Omicron and kids: what parents need to know

Jan. 14, 2022

Mother and son wearing masks

Most pediatricians have spent lots of time, energy and passion encouraging parents to allow their children age 5 and older to receive a COVID-19 vaccine. Their expertise, the data and their trust in science offer all they need to know that vaccination is safe, effective and vital in our efforts to stop the spread of the coronavirus and keep children — and those around them — healthy.

For Dr. Ahmad Bailony, department chief of pediatrics at Sharp Chula Vista Medical Center, his own experience as a child has afforded him a unique viewpoint when it comes to vaccine-preventable diseases: He almost died due to the complications of one.

“When I was a kid, I was hospitalized for weeks with meningitis,” he says. “In my entire career as a doctor, I’ve never seen a case of that specific type of meningitis among my patients, and that’s because we now have a vaccine for that disease.”

The contagiousness of omicron
Another thing Dr. Bailony says he’s yet to see in his 17 years as a pediatrician is a virus that is as contagious as the omicron variant of the coronavirus.

“It is no exaggeration that approximately every other call coming into our office is about COVID-19,” he says. “COVID, in general, and the rapid spread of omicron are really causing parents a lot of stress and anxiety, which is understandable.”

According to Dr. Bailony, anecdotal evidence is showing that omicron may cause less severe illness in people of all ages than previous variants. However, he says that more children are seeking care and requiring hospitalization now that omicron is spreading.

“Given that this variant is more contagious, an increased number of children are getting COVID-19, especially those under the age of 5 who are not yet eligible for vaccination,” he says. “So, as more children get COVID, you’ll inevitably see more kids becoming more severely ill from it.”

This is why, Dr. Bailony says, it is crucial that everyone who is eligible for COVID-19 vaccination — including children age 5 and older and their family members, and those age 12 and older eligible to receive a booster shot — get vaccinated so we can stop the spread and protect more children from becoming ill. “This is a matter of all of us taking care of each other — we’re in this together,” he says.

Dr. Bailony also recommends that families continue to practice all other COVID-prevention strategies:

  • Choose outdoor activities over indoor activities.
  • Wear a face mask when in indoor public locations.
  • Avoid places that are poorly ventilated.
  • Avoid crowded places and gatherings where it is difficult to stay 6 feet away from others.
  • Wash hands often with soap and water or use a hand sanitizer with at least 60% alcohol.
  • Avoid touching your eyes, nose and mouth.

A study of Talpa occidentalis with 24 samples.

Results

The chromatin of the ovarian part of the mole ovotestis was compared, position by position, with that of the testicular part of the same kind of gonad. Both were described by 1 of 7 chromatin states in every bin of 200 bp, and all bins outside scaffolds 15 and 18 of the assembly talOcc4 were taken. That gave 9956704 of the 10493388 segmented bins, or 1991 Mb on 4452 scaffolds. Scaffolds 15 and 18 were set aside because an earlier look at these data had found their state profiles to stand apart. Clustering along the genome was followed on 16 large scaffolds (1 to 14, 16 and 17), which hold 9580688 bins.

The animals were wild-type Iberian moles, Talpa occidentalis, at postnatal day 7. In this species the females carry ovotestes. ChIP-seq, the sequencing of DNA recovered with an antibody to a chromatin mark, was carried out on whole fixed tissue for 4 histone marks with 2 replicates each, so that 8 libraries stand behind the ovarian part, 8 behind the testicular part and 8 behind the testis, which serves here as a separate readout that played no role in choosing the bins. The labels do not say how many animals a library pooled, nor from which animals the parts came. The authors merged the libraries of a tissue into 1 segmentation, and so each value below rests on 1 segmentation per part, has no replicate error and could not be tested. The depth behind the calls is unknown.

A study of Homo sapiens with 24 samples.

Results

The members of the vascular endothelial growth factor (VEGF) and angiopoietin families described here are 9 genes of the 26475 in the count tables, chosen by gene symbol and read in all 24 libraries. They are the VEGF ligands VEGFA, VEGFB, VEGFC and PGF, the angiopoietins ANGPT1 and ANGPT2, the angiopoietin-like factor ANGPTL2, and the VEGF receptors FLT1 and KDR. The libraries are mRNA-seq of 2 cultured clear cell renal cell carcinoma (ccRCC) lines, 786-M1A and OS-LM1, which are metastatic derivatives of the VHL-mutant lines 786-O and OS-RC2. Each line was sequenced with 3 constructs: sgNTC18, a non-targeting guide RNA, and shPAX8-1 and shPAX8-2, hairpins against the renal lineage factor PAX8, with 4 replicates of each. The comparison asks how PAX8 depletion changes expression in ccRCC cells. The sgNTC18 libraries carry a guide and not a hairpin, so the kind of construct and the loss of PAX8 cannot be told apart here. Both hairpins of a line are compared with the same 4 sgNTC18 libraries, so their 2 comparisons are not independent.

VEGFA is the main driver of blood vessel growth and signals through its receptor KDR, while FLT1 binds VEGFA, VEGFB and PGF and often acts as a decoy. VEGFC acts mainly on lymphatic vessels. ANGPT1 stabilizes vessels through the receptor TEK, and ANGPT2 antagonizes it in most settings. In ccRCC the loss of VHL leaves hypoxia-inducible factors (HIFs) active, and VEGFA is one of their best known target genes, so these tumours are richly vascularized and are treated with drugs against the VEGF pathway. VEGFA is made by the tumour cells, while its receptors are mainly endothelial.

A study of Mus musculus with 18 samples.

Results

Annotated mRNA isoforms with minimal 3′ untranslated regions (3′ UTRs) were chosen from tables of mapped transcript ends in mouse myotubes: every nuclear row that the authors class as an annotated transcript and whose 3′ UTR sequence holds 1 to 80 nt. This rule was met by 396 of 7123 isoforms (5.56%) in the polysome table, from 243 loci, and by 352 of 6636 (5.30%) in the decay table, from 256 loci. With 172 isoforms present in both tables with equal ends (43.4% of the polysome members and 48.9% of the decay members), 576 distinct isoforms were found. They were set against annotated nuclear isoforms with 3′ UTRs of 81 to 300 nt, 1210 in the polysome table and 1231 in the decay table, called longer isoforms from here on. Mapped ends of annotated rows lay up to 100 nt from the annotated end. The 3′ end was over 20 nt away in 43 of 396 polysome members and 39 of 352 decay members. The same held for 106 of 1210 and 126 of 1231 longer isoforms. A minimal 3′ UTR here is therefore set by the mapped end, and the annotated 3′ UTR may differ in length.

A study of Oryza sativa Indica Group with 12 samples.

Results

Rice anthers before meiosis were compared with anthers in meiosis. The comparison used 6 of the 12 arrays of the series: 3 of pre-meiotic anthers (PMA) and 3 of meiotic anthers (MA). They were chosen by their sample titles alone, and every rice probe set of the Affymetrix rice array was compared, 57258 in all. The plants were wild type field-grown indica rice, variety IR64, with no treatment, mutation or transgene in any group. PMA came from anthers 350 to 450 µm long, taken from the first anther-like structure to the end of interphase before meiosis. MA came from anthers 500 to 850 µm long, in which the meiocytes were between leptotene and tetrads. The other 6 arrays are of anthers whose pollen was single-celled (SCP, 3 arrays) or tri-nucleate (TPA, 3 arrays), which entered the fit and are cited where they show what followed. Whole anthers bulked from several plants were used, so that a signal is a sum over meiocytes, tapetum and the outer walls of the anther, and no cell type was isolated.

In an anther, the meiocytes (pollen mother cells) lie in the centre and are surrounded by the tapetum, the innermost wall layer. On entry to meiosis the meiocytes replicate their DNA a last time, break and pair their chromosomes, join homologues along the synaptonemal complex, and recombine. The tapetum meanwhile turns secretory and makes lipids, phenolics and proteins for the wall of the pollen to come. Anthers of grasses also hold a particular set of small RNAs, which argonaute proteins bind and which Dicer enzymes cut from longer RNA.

• Sanitize frequently touched surfaces.
  • Avoid people who are sick.
  • Monitor your health for symptoms of COVID-19 — cough, nasal congestion, fatigue, sore throat, headache, body aches and fever — and get tested if symptoms develop.

If your child has COVID
As COVID-19 cases rise within the community, your child’s chance of COVID exposure and infection also rises. However, Dr. Bailony stresses that in most cases, you can treat your child as you would if they had any other respiratory illness.

Symptoms are usually mild and last a few days to a week. Although, a very small number of children may experience multisystem inflammatory syndrome (MIS-C), a rare, life-threatening condition that can cause dangerous inflammation in the eyes, skin, blood vessels and heart.

“If your child is not having trouble breathing, is taking fluids pretty well and still making good urine output, generally, you can watch them at home,” he says. “You should definitely have them tested for COVID, which may take some patience as there is a great demand for testing. And then, you should isolate your child from others and contact your child’s pediatrician for further advice.”

The Centers for Disease Control and Prevention (CDC) also recommends talking to your child’s doctor about using pediatric over-the-counter medications for fever, aches and pain. And make sure your child rests and drinks a lot of fluids.

Also, you should monitor your child for signs of severe illness, and seek emergency medical care immediately if they are experiencing any:

  • Trouble breathing
  • Pain or pressure in the chest
  • Confusion
  • Inability to wake or stay awake
  • Pale, gray or blue-colored skin, lips or nail beds

“The best way to protect your child from illness is to get them vaccinated and boosted when they’re eligible,” Dr. Bailony says. “We have been vaccinating kids for months now, and 100% that have come through our office and received a vaccine have been fine. In fact, a lot of them are excited to get it, and their parents are relieved that we have vaccines to avoid severe pediatric illness and hospitalization like my own.”

Get the latest COVID-19 information on vaccines, testing, getting care and more.

For the news media: To talk with Dr. Bailony about kids and the omicron variant, contact Erica Carlson, senior public relations specialist, at erica.carlson@sharp.com.